Monday, February 20, 2012

Counterfeit faith

 
 
To be deceived about one’s relationship to God is the most dangerous and frightening delusion possible. Near the end of the Sermon on the Mount our Lord graphically portrayed that tragedy:

Not everyone who says to Me, “Lord, Lord,” will enter the kingdom of heaven, but he who does the will of My Father who is in heaven will enter. Many will say to Me on that day, “Lord, Lord, did we not prophesy in Your name, and in Your name cast out demons, and in Your name perform many miracles?” And then I will declare to them, “I never knew you; depart from me, you who practice lawlessness.” (Matt 7:21–23)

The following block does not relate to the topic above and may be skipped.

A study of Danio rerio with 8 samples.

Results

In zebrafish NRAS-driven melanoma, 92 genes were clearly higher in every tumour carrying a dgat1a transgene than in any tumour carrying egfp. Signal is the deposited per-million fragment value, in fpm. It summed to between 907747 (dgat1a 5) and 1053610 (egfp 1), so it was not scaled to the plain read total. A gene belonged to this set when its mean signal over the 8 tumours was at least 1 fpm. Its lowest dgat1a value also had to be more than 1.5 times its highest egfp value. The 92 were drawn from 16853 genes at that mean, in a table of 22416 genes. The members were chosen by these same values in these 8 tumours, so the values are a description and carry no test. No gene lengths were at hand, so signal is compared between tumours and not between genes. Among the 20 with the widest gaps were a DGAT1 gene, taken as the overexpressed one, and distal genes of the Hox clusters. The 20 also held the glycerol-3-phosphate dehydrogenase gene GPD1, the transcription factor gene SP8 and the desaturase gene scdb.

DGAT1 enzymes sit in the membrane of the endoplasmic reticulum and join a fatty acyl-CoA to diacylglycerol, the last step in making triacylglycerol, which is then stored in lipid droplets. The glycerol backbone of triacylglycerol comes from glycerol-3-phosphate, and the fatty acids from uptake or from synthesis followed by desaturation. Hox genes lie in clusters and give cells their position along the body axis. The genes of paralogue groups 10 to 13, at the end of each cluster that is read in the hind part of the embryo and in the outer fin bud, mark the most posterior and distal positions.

Because of the ever-present danger of counterfeit faith, God’s Word continually calls for professed salvation to be tested for validity. In Psalm 17:3 David declared the results of God’s testing his faith: “You have tried my heart; You have visited me by night; You have tested me and You find nothing.” In Psalm 26:1–2 he pleaded, “Vindicate me, O Lord, for I have walked in my integrity, and I have trusted in the Lord without wavering. Examine me, O Lord, and try me; test my mind and my heart.” He echoed that plea in the familiar words of Psalm 139: “Search me, O God, and know my heart; try me and know my anxious thoughts; and see if there be any hurtful way in me, and lead me in the everlasting way” (vv. 23–24). Amid the chaos and desolation following the destruction of Jerusalem, Jeremiah cried out to his fellow Israelites, “Let us examine and probe our ways, and let us return to the Lord” (Lam. 3:40).


MacArthur, J. (1998). James (8). Chicago, Ill.: Moody Press.